With 13% of B.C. households 'food insecure,' new non-profit aims to halve national levels
Industry-funded action centre launches to push for access to healthy, dignified food for all.
Food security means having “stable access to affordable, nutritious and culturally appropriate food,” according to the Maple Leaf Centre for Action on Food Security, a new non-profit launched on Tuesday thanks to a $10-million donation from the food packaging giant.
“In a country of such wealth and abundance, it is a national shame that one out of every six children and four million people in Canada face food insecurity,” said Michael McCain, president of Maple Leaf Foods, in a press release. “The Centre is the culmination of several years of stakeholder engagement to understand this complex issue and where Maple Leaf should direct our resources — people, products and financial — to make the greatest difference.”
In the Lower Mainland, the national centre is working with the Greater Vancouver Food Bank’s efforts to create what it calls “community food hubs” — membership-based organizations that aim to empower and educate their users, recognizing that more traditional charity approaches are “not a long-term solution to hunger.”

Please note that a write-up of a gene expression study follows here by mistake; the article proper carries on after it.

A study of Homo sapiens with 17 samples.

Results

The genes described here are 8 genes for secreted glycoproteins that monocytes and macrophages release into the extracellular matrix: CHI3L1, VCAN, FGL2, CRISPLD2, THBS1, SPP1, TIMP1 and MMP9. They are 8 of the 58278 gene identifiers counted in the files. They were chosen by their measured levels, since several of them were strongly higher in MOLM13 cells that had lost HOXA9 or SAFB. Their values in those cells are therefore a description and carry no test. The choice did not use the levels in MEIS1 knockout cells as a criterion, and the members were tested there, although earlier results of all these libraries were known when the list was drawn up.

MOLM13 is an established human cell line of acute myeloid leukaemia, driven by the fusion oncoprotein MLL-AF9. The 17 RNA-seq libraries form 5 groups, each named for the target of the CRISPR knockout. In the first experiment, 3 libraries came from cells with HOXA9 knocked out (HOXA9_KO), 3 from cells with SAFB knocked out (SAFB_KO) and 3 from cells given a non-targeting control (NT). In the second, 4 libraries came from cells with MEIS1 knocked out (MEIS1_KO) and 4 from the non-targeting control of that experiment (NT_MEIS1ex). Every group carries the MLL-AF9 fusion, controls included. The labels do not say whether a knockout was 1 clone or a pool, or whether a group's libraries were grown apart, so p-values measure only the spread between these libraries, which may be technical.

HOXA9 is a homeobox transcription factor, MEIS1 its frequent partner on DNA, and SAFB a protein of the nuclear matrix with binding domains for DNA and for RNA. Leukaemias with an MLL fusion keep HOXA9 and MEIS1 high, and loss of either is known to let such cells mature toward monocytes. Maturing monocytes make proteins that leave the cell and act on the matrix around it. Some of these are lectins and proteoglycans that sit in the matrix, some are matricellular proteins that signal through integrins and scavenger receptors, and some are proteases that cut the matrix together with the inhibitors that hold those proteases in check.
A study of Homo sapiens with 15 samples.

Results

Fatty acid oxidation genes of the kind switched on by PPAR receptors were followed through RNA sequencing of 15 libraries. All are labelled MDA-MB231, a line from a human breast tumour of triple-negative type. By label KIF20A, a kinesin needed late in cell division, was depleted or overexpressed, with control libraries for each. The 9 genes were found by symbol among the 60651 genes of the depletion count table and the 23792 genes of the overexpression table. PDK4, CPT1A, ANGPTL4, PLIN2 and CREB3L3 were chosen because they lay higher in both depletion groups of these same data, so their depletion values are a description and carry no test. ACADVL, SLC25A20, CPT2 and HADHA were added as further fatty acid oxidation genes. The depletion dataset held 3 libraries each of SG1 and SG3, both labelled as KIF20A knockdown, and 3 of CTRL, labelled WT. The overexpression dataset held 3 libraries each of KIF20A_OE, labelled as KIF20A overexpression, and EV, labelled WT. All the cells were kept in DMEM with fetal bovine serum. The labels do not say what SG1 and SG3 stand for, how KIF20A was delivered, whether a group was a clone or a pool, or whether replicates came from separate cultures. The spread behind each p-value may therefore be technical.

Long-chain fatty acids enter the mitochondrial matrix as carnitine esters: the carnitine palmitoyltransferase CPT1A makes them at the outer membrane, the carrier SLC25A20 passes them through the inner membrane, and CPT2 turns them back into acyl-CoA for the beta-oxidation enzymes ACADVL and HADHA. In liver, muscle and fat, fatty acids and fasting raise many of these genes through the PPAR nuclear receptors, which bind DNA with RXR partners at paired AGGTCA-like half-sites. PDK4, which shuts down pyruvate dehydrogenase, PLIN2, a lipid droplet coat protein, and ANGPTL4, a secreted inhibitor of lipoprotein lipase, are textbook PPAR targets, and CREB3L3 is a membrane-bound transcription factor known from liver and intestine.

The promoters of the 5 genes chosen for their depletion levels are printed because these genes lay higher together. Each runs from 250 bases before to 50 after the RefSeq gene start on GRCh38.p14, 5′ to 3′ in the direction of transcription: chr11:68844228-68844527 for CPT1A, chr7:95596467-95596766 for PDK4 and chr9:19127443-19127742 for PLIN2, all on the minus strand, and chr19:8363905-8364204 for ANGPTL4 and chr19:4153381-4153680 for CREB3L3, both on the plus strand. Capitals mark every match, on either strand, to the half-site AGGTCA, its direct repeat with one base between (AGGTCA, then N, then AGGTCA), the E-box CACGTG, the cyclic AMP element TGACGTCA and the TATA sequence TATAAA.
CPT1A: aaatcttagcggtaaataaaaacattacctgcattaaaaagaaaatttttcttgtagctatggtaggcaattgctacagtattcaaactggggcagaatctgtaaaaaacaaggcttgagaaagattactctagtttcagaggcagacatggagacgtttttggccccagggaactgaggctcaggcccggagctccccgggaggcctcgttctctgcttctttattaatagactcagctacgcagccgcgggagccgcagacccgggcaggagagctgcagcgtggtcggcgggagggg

Two of its 13 food banks in the region have already transitioned to the model, and it plans to fully implement the approach in all of its facilities by 2019.
But despite high numbers of “food insecure” families, a poll of 1,500 Canadians that Maple Leaf commissioned found that 63 per cent of respondents in Western Canada, west of Manitoba, did not know what food security is, higher than the national average.
But the cause of food insecurity, according to a Centre statement, isn’t a shortage of food. Those impacted by insecurity tend to be low-income or marginalized.
“Canada does not have a food shortage problem, but we do have a poverty problem and a food distribution problem,” the statement read. “Food insecurity is associated with a higher prevalence of chronic diseases, higher health care costs, mental health impacts, increased isolation, and lower academic performance.”